It’s a very sad day for British cinema, as director Robin Hardy has passed away at the age of 86, reports the BBC.
Hardy is best known for creating one of the greatest works of horror cinema: The Wicker Man. The 1973 classic has a history almost as fascinating as the film itself, with footage lost, found and restored, while some of it is reportedly still missing.
What we have is a truly wonderful, darkly funny and absolutely scary classic, as Edward Woodward’s virginal Sergeant Howie stumbles around a remote Scottish island in search of a missing girl, falling deeper and deeper into the trap set for him by the pagan community led by Christopher Lee’s Lord Summerisle. It’s a musical folk horror with an incredible air of dread that has an identity all of its own. Indeed, the film’s soundtrack is a masterpiece in itself.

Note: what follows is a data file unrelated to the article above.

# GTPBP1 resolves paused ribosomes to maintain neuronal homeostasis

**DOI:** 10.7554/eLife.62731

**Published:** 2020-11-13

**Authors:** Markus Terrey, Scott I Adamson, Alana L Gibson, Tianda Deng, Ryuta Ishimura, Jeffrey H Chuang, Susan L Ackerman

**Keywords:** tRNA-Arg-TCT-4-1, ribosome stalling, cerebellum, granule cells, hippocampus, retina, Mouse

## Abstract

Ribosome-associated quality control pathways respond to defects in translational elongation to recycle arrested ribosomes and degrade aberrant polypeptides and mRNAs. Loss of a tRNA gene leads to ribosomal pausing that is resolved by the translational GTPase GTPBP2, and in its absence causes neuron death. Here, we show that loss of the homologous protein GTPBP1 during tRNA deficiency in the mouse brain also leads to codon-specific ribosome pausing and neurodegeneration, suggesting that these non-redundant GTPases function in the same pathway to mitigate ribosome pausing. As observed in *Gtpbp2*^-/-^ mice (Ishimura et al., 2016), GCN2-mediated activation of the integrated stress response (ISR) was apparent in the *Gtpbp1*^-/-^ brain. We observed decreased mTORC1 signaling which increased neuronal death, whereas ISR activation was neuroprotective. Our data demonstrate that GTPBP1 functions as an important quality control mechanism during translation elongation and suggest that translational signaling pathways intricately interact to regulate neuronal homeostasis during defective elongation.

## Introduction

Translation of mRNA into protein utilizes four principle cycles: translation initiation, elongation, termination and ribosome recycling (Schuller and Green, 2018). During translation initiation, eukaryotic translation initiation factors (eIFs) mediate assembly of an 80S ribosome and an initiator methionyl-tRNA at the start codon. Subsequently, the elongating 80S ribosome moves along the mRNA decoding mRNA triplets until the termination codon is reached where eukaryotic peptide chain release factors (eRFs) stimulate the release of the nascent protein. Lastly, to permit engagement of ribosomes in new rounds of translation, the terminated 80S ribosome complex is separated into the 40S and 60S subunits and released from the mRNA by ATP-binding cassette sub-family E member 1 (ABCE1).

It’s rightly regarded as one of the very best British films ever made and it has lost none of its power. It’s been beautifully homaged (most notably in Edgar Wright’s Hot Fuzz) and frequently riffed on/plagiarized, but there’s really nothing quite like it.
Hardy would only make two more films; 1986’s The Fantasist, and 2011’s Wicker Man sequel The Wicker Tree, based on his 2006 novel Cowboys For Christ. At the time of his passing, Hardy was endeavouring to make a third Wicker film, The Wrath Of The Gods, with the aid of crowdfunding.
The filmmaker was a favourite at genre festivals around the UK, where he was a warm and friendly presence, affably discussing the difficult history of his masterpiece and the incredible legacy of it.
British cinema is the poorer for his loss, but the indelible images and sounds of The Wicker Man will remain for new generations of filmgoers to be terrified, stunned and beguiled by: the beetle tethered inside a schoolroom desk, Edward Woodward desperately clinging to his virtue as Britt Ekland pounds on his bedroom door, and Christopher Lee offering up the perfect sacrifice (“The right kind of adult”) to the island’s monstrous sacrificial vessel. The film is a gift, and we’re so grateful to Robin Hardy for it.